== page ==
In 2013 David Heaton, employment tax specialist, ex-chair of the ICAEW Tax Faculty, lecturer and a Baker Tilly partner was embarrassed into resigning from HMRC's General Anti Abuse Rule (GAAR) panel after being filmed lecturing on planning schemes.

Heaton was secretly filmed by Private Eye's Richard Brooks and BBC Panorama whilst promoting personal tax planning tips. One of those was recommending an arrangement involving statutory maternity pay (SMP) which allowed a bonus to attract an 8.4% rate of tax compared to the expected 41%. HMRC deemed the planning 'abusive' when they heard about it.

Disregarding the possibly limited benefits of a SMP scheme (owner managers' wife, or favoured employees of large bonus payers' organisations?), it was reported that the neither the chancellor George Osborne or Treasury minister David Gauke were impressed with Heaton's approach.

What planning is abusive?

Many firms might have realised that SMP has some potential tax advantages. Sometime this tax advantage occurs by chance, depending on actual timings of bonuses and pregnancy. Unless it was flagged up as abusive it might be quite difficult to tell whether HMRC thought it so, after all HMRC designs the rules. However, a scheme which is designed to milk the rules? Fair is fair, that is probably abusive, unless of course it is scheme approved by HMRC.

Various large bonus paying financial institutions received bad press when they delayed paying bonuses in order to take advantage of the fall in the top rate of tax from 50% to 45%, they did not think it abusive but many people did: the chancellor must have realised that people make their plans around tax rates. This is clearly why he has reduced the corporation tax main rate; he wants the big corporates to pay less to attract them to the UK.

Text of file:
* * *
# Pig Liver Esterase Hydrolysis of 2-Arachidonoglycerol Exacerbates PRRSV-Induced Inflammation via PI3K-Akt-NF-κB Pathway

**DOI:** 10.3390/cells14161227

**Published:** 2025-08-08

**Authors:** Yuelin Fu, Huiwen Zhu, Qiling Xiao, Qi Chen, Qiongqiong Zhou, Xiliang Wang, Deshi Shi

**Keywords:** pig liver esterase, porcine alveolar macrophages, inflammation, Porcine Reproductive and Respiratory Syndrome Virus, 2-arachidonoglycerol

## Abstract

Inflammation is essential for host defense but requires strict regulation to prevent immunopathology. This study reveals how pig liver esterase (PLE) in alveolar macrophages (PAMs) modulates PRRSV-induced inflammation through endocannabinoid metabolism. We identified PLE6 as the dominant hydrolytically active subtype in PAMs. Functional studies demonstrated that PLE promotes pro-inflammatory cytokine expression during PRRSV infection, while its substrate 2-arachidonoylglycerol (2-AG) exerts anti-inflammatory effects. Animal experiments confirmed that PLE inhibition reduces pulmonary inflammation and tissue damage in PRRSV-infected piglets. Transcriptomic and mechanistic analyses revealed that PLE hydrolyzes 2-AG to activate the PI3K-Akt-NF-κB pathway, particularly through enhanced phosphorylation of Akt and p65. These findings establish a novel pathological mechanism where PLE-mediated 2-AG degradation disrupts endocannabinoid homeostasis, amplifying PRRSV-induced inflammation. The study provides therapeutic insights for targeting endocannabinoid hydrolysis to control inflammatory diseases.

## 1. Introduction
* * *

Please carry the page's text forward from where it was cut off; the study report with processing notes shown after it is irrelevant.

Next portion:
On the personal tax level we note that even the chancellor admitted that the new Employee Shareholder share scheme would create tax avoidance however, just like CGT main residence election flipping this is deemed non-abusive for the purpose of the GAAR because it was devised by ministers and is without doubt used by ministers.

Also on the "approved list" is Arctic Systems tax planning (shifting income with spouses) this is deemed non abusive for the GAAR and the House of Lords found it was within the existing rules when they ruled for the taxpayer in appeal.

If you work in tax it is not difficult to work out that we seem to be getting mixed messages which is not idea for the public or for advisers. The trouble is now that we have the internet and so everyone knows more.

Now that the GAAR opinion panel has started ruling on tax planning schemes we will in time, learn what is acceptable and what is not. All of the schemes considered by the panel to date have been versions of disguised remuneration schemes and all seven have been found to be abusive. It seems that what is and is not abusive is going to vary depending on what ministers feel about encouraging certain tax reliefs at any one time. Heaton was in all probability showing off a bit for the purposes of the lecture, we have all seen it done as tax can be pretty dull after all. However in the current climate and given the Public Accounts Committee's past stance on accountants who advise HMRC, it is probably ill advised to lecture on tax avoidance schemes if you are a leading member of any professional body or you are also considering working with HMRC. The up-side to Heaton's experience is that he got a lot of publicity as a tax planner as a result of being on the Beeb. It is all "brand awareness" that counts in marketing and that can't be all bad and it certainly puts another angle on HMRC's plans of naming and shaming firms.